Bianca Ordoñez/ Contributing Writer
The University began offering “earth-friendly” gowns made with molten plastic pellets from about 23 plastic bottles in 2011.
This year, seniors can also sign the Office of University Sustainability’s banner, pledging their eco-awareness. The banner will be presented at graduation and those who take the oath will boast a green ribbon on their gowns.
“I pledge to explore and take into account the social and environmental consequences of any job I consider and will try to improve these aspects of any organizations for which I work,” the oath reads.
The office’s initiatives include incentivizing students to walk, bike or carpool to school three or more times a week by giving them six free cab rides a year, and working in tandem with Housing and Residential Life to make sure all dorms are using biodegradable soap.
However, this project has seniors second guessing their view on the environmental crises.
“This is something that we need to do. We need to protect the Earth,” said Yunus Altug, a senior political science major. “[But] in reality, who knows where I will be working. If the only job offer I get doesn’t recycle, I would have to accept it.”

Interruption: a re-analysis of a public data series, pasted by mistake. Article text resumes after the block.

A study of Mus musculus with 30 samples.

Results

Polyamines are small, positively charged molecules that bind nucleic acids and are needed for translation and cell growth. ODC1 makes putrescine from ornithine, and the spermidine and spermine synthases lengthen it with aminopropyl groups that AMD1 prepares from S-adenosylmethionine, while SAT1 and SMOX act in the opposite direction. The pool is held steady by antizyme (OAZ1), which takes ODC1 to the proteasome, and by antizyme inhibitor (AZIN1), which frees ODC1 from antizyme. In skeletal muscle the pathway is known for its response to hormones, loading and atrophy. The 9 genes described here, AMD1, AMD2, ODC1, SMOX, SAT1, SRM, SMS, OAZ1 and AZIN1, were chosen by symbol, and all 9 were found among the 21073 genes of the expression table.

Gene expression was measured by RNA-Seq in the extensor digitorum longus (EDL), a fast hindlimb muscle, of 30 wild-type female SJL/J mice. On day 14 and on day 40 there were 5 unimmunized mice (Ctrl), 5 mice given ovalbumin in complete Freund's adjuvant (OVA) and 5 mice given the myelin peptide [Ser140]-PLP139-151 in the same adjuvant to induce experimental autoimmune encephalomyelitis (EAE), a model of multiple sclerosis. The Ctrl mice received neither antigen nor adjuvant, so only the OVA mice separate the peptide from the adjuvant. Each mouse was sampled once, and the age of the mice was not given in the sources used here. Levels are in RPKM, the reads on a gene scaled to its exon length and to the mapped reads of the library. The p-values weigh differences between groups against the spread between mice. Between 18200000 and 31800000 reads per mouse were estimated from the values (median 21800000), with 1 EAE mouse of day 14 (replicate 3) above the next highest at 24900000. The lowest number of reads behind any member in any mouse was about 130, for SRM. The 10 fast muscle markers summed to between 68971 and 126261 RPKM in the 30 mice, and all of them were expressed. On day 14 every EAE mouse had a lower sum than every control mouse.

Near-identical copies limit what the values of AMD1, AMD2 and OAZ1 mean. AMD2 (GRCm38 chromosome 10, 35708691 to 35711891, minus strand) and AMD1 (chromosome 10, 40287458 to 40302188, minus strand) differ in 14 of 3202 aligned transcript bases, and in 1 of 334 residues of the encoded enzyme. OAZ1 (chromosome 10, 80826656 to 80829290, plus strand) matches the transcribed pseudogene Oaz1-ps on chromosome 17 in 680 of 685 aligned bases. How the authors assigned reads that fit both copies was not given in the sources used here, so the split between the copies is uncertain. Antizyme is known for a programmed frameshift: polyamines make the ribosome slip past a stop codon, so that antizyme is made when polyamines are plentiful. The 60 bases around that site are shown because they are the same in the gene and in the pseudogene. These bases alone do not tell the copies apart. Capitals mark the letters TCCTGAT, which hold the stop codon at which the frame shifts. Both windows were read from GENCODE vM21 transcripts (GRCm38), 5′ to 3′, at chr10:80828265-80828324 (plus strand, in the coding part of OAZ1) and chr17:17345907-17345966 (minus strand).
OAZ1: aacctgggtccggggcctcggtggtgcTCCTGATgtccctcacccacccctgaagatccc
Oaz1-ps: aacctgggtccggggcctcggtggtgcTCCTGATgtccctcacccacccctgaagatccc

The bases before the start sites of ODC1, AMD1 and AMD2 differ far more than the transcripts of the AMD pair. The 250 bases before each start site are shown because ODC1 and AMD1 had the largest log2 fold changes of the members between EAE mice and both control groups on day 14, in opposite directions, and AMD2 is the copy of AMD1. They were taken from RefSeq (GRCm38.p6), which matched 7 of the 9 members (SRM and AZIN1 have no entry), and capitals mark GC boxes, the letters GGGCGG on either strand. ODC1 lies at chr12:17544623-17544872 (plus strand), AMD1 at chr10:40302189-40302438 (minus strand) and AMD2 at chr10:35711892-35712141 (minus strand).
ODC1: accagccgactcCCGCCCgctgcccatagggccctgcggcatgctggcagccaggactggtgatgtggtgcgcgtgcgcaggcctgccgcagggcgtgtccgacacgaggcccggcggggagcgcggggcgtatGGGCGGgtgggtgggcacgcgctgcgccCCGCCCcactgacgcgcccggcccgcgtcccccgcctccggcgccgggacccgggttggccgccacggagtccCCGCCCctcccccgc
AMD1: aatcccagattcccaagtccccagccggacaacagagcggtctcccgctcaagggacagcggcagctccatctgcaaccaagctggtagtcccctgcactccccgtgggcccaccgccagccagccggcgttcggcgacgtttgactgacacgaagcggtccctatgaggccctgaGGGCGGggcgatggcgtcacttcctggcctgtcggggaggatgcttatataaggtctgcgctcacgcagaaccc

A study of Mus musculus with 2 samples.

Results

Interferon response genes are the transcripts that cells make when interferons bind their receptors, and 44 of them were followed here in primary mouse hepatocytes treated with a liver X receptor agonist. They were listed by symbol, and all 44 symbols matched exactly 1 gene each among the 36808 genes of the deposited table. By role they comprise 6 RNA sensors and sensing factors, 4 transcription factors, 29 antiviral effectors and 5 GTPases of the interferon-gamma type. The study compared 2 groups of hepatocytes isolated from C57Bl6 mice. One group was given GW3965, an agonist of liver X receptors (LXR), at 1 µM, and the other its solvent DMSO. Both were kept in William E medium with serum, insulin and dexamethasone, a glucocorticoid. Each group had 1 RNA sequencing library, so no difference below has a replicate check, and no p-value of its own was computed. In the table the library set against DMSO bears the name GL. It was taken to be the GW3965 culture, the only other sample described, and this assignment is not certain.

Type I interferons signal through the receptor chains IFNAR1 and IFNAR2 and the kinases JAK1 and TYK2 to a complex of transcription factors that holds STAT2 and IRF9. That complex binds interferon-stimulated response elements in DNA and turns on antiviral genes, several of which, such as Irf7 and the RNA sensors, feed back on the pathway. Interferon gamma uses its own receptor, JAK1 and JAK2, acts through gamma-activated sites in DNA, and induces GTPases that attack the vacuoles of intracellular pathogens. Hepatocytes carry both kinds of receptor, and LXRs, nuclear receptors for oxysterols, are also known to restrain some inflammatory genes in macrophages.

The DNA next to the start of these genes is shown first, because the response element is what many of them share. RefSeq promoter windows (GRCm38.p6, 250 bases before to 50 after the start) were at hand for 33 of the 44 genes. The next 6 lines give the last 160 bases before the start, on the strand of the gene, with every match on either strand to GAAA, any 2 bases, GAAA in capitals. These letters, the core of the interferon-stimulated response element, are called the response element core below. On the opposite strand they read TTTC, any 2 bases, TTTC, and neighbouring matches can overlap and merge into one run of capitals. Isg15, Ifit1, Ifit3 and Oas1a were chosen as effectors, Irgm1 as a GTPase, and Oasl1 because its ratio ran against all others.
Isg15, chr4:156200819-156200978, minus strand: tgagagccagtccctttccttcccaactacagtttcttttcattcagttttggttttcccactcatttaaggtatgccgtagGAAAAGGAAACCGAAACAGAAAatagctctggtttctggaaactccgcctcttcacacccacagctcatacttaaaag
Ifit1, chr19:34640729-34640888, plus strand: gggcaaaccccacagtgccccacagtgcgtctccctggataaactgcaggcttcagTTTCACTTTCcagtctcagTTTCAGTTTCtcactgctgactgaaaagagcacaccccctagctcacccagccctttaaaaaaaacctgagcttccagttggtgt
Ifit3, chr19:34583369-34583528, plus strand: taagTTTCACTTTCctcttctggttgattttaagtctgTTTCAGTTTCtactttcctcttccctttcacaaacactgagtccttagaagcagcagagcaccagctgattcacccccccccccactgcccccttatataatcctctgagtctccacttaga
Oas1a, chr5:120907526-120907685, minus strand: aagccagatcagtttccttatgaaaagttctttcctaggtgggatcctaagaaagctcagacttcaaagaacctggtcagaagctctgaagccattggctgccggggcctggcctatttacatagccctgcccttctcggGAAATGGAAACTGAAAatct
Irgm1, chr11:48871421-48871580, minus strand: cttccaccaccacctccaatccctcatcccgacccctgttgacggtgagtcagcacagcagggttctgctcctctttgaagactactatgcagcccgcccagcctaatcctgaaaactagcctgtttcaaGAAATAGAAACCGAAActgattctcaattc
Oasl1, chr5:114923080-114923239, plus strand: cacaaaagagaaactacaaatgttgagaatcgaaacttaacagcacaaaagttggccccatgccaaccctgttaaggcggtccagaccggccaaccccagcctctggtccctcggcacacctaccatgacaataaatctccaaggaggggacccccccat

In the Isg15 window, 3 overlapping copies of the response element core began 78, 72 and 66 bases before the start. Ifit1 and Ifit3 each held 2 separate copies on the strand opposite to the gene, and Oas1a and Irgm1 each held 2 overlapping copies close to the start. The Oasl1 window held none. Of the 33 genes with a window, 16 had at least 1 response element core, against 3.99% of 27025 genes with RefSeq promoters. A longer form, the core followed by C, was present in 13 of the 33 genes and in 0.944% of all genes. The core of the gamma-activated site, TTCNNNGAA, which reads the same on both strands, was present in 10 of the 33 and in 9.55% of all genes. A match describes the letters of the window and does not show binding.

Altug said he may take the pledge, since he believes it is for a good cause.
Alexandra Dutton, interim assistant director of the Office of University Sustainability, said students should not let the potentiality of the lack of green-friendly job offers deter them.
“They shouldn’t be torn. This is a personal commitment that requires simple actions like turning off the lights when you leave a room,” Dutton said.
This spring marks the second year of the Green Graduation Pledge.
The Office of University Sustainability discovered it through the Graduation Pledge Alliance, whose mission, according to their website, is “to build a global community of responsible graduates improving society and the environment through the workplace.”
But the practice of environmentally friendly graduation at FIU goes back even further.
Since last spring, 5,000 people have pledged and Dutton thinks that number is going to continue growing.
“We have to take care of what we have,” Dutton said. “The Earth is our home.”
Dutton also mentioned that her organization has not started tabling for the Green Graduation pledge. It will instead begin this process during commencement.
According to an article published by The Guardian, just 90 companies caused two-thirds of man-made global warming emissions. This statistic alarmed environmentalists worldwide. However, it has yet to convince many seniors entering the workforce.
Peter Lynch, senior economics student, said he would not sign the pledge unless he is asked by a friend.
“I think that not a lot of people understand the environmental crisis,” Lynch said. “They understand being broke much better.”
Additional reporting by Raul Herrera, Assistant News Director.